Hiroshima, on the island of Honshu, is a city that you know has to be on your Japanese itinerary, but you expect it won’t be a very pleasant experience.
Whilst sombre reflection on the devastation of the atomic bomb dominates, Hiroshima has re-built itself into a very positive and vibrant city for a short stay.
The riverfront has been thoughtfully developed and our hotel, Hotel Flex, had a great riverside terrace to enjoy breakfast in the morning sunshine. It’s possible to hire bikes and make use of the cycle paths, but as we were stopping for less than 24 hours we didn’t have chance.
There is a very good shopping district, with plenty of random Japanese fashion buys. Most things seemed cheaper than in Tokyo, too.
Hiroshima Peace Memorial Park
But the sobering reason why anyone visits Hiroshima is to visit the Peace Memorial Park.
We started at the reconstructed Aioi Bridge, at the centre of where the US atomic bomb, “little boy,” hit on the morning of 6 August, 1945, instantly killing approximately 70,000 people. The bridge was the centre of the industrial and commercial district and was of strategic importance.
By the end of 1945, the death toll in Hiroshima from burns, radiation, malnutrition, and other injuries related to the atomic bomb had doubled to around 140,000. More than 60% of the city’s buildings were flattened.
The Hiroshima Peace Memorial is the iconic dome of the former Product Exhibition Hall, the only building that remained in the centre after the bomb hit.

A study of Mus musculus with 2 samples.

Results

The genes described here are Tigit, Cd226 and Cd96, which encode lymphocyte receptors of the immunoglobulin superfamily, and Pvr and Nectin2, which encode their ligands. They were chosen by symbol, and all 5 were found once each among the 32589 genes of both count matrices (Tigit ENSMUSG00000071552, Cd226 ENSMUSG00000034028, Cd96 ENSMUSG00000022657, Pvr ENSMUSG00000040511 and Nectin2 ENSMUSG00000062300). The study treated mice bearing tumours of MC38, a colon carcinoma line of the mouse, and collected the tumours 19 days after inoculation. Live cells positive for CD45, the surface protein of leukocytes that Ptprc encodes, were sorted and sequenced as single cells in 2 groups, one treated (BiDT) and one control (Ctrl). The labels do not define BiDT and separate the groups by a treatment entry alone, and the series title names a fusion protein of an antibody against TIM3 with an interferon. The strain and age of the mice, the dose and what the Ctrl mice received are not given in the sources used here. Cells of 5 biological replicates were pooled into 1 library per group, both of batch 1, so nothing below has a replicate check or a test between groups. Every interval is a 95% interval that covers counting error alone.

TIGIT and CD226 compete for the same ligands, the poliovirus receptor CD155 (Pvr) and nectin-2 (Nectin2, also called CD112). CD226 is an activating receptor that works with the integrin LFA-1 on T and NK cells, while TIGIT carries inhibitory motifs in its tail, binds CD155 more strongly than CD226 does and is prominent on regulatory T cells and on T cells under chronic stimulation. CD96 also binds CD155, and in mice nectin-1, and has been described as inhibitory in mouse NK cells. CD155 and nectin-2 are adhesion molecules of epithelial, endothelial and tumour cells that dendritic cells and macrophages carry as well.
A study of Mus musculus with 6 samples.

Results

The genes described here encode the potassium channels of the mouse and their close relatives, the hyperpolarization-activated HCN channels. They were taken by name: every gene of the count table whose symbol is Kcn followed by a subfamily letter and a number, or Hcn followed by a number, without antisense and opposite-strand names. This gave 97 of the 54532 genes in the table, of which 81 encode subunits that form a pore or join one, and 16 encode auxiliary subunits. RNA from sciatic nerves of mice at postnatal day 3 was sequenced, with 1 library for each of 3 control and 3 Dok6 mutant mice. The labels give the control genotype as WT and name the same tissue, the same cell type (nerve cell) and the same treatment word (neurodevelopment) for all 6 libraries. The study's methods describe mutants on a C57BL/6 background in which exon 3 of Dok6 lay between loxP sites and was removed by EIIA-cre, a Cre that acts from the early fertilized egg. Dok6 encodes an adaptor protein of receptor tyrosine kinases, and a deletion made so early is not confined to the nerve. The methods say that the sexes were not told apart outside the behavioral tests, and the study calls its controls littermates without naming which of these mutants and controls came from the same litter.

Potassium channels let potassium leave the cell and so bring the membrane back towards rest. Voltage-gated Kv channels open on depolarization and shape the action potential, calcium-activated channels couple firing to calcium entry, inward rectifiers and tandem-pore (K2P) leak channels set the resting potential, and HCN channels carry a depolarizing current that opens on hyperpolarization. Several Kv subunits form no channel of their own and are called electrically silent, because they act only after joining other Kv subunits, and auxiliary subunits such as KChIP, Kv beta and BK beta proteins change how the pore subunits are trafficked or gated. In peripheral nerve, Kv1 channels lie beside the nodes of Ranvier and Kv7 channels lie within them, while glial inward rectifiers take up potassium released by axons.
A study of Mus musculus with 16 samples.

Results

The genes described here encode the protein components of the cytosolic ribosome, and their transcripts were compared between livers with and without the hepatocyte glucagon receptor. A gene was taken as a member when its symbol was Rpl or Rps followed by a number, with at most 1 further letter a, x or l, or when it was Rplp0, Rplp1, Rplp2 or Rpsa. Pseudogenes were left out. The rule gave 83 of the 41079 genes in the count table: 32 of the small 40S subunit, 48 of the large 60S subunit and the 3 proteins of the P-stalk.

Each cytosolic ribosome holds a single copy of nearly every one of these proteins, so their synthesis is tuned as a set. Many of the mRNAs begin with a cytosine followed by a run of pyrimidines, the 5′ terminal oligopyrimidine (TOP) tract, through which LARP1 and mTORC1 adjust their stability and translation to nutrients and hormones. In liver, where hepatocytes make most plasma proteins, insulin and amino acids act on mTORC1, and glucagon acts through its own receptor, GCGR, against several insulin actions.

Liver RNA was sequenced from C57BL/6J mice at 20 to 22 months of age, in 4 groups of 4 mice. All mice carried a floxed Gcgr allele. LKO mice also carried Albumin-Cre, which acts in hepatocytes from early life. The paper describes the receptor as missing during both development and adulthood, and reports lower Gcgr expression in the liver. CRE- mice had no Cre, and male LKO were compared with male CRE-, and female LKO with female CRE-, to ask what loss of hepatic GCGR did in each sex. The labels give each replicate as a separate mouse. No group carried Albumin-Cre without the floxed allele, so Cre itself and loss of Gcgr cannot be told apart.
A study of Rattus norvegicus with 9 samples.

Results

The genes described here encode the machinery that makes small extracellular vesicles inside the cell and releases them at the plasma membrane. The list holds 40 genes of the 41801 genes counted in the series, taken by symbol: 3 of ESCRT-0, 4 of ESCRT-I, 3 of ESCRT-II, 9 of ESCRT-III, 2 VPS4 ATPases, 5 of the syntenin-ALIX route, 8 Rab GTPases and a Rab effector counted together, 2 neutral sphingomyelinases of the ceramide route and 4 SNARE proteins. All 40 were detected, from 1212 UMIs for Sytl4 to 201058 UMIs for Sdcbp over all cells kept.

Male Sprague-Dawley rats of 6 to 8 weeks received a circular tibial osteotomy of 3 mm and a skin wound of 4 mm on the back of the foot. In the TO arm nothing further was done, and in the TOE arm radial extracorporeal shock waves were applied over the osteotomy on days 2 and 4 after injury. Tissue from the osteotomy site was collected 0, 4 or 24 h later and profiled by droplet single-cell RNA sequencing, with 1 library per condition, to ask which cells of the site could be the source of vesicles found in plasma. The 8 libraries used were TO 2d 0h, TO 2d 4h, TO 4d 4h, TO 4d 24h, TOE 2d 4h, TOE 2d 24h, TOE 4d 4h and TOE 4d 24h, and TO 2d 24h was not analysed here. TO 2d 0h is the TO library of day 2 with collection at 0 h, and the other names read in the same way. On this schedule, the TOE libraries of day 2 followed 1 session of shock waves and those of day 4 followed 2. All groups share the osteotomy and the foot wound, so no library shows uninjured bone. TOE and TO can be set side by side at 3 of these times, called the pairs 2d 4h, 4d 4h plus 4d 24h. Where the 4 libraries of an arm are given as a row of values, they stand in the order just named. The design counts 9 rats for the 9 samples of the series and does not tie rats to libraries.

Opposite is the park, a symbol of unity and hope for peace in the world. This area was once the commercial heart of Hiroshima, but today it is a vast open space dominated by the Memorial Cenotaph and the Peace Flame, which was lit in 1964 and will not go out until all nuclear weapons have been dismantled.
The park also features a bell of peace, which has an iconic origami crane at the top – a symbol of good fortune.
10 million origami paper cranes
Sadako Sasaki was two years old when the atomic bomb hit. She didn’t have any effects at the time, but in 1955, aged 11, she began to show signs of illness and was diagnosed with leukaemia. She started folding origami paper cranes in hospital, following the old Japanese legend that anyone who makes 1,000 cranes can make a wish, but she died eight months later, aged 12. Sadako’s classmates carried on making paper cranes in her memory and wrote letters to campaign for a memorial for children affected by the atomic bomb. Their efforts captured the hearts of Japan and Sadako’s story spread worldwide.
Each year, around 10 million paper cranes are made by schools and groups across the world and donated to Hiroshima to be displayed at the Children’s Peace Monument, as a symbol of unity and peace.